An early Albuquerque Journal editorial declared that Albuquerque is a "city of churches, with edifices dedicated to the service of almost every denomination or creed known to man."

In 1903 and 1904 floods destroyed the Nativity of Our Blessed Virgin Mary Church in Alameda, along with the village itself. The village and church, which began around 1710, were relocated east to higher ground near what is now Fourth Street. Some of the beams from the original church and plaza have been incorporated into the present-day church.

The Central United Methodist Church completed a handsome structure at Arno and Central in 1912.

San Ignacio Catholic Church in Martineztown was founded in 1915. Each year on July 31 it holds a fiesta and a procession.

In 1916 a mission church was built in the San Jose neighborhood on land donated by Teodoro Lopez. It burned in 1940 but was rebuilt a year later as the Sacred Heart Mission. It became a parish in 1947 and added a school and convent in 1958. The school closed in 1970.

In 1921 St. John’s Episcopal Church, downtown at Fourth and Silver, gained pre-cathedral status and ten years later became the Cathedral Church of the Missionary District of New Mexico and Southwest Texas.

On October 23, 1926, First Baptist Church broke ground at its current location. The congregation moved into the basement of the present facility, where services were held while the church was being built above. The building was occupied in 1937. The Albuquerque Journal described the 300-person structure as the "most modern church building in the territory."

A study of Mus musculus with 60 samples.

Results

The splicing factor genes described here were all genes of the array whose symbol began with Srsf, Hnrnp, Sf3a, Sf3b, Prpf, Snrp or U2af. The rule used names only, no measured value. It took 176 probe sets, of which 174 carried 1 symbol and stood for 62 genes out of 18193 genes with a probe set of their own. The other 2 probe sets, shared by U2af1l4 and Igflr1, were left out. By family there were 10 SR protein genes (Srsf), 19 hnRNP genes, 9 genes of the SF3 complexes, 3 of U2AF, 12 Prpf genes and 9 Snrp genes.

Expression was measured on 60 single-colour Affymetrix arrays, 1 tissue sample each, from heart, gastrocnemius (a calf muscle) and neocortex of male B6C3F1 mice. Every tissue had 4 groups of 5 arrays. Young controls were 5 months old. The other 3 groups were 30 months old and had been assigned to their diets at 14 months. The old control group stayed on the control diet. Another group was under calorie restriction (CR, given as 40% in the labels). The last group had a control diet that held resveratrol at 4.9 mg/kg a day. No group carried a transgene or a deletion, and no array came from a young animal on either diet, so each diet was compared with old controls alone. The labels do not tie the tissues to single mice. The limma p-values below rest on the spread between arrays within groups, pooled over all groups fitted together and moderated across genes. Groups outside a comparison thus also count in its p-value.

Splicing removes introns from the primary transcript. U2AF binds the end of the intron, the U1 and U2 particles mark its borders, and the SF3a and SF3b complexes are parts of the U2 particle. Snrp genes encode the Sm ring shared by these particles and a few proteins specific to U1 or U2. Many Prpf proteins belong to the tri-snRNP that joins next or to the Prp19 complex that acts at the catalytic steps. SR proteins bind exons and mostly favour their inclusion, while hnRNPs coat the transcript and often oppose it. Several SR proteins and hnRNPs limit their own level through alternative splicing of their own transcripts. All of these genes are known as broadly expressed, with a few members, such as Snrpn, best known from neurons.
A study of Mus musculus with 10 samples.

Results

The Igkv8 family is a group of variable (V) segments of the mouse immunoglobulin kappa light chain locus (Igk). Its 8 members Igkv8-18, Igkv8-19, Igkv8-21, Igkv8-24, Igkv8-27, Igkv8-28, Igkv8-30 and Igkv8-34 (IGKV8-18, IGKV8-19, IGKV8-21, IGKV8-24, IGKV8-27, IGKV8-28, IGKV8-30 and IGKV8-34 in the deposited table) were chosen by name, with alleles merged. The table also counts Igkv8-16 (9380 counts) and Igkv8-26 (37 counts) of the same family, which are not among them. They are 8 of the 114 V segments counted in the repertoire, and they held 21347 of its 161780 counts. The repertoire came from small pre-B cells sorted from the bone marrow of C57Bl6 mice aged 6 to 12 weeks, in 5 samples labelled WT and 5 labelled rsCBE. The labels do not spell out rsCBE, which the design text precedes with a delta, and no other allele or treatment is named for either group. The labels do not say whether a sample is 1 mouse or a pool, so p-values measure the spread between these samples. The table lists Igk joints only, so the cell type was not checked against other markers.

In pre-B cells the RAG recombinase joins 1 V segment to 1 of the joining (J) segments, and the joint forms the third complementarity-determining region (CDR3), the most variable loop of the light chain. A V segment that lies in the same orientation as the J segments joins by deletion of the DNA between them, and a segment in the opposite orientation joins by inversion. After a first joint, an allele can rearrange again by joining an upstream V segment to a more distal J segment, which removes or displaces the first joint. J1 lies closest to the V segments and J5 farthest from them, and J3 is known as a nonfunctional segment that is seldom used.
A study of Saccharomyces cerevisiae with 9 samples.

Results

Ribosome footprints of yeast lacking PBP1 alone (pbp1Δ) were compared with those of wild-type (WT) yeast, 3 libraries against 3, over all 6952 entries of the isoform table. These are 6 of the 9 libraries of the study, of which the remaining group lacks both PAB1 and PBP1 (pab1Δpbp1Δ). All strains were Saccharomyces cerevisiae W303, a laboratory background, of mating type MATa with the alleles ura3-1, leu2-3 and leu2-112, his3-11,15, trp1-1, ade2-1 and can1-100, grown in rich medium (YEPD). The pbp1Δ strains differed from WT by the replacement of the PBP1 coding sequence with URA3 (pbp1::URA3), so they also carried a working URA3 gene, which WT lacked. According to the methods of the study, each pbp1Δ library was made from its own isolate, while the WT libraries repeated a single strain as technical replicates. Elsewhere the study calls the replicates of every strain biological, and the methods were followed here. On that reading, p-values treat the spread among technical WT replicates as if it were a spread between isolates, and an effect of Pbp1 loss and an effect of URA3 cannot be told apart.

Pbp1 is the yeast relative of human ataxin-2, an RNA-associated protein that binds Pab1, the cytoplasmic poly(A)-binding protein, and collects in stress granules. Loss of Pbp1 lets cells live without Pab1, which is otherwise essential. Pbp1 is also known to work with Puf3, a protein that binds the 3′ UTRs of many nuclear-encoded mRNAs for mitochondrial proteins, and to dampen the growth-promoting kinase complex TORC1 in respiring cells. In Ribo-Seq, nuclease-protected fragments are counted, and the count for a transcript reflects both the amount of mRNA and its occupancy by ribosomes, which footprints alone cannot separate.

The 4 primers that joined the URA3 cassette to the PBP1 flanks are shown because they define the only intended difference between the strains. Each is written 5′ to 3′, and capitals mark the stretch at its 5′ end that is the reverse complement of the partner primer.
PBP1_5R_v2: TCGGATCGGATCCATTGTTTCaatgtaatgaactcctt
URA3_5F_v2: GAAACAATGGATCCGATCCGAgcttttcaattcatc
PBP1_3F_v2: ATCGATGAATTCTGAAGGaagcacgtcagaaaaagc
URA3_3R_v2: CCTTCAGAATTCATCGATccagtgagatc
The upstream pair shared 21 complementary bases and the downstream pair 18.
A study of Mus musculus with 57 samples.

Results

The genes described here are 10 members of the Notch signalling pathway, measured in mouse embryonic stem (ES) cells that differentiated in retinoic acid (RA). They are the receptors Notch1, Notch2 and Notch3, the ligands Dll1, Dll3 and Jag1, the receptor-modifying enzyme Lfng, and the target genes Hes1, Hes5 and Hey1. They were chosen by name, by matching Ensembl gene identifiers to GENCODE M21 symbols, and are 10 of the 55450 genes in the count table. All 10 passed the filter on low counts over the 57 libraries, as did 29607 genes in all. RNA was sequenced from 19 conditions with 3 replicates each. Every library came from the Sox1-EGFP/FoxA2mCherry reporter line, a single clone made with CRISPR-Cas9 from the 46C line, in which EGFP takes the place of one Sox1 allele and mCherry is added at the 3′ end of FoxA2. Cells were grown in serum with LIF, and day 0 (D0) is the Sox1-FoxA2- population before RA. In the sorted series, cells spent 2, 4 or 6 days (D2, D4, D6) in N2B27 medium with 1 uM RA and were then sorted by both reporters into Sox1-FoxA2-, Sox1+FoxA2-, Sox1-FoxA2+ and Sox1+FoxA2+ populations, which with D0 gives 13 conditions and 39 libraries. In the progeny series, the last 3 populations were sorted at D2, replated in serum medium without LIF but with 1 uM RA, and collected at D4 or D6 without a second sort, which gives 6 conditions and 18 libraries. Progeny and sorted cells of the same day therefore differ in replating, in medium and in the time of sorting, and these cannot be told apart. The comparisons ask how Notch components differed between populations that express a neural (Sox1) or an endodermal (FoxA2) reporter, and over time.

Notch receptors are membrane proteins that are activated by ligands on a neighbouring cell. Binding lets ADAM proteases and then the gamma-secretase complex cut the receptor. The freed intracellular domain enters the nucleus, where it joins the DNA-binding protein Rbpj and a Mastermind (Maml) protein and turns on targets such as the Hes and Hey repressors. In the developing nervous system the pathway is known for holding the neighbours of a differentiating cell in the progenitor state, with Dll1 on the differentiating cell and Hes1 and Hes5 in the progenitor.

Also in 1926, San Jose Parish was founded to serve the neighborhoods of San Jose and South Broadway. Thirty years later the church survived a fire. Today it serves about 1,400 families.


In 1933, in spite of the Depression, members of the First United Methodist Episcopal Church raised money and built a parish hall west of their church. In 1939 Methodist churches united, and the church was called the First United Methodist Church. In the 1940s the church acquired more property until it owned the block south of Lead between 3rd and 4th Streets.

By the 1940s, Albuquerque had 42 churches. A postcard from the period says the churches “indicate clearly the solid foundation upon which the life of the city rests.”

In 1943 Bowman Chapel in Old Town became Iglesia Metodista Episcopal Church and then El Buen Samaritano United Methodist Church.

St. George’s Greek Orthodox Church, on High St. near Downtown, was built in 1944 to serve Greek immigrants who had been arriving in the city since 1915. The church rested on the former site of banker Joshua Raynolds’ mansion. The cast-stone wall around the church is the only remnant of the mansion.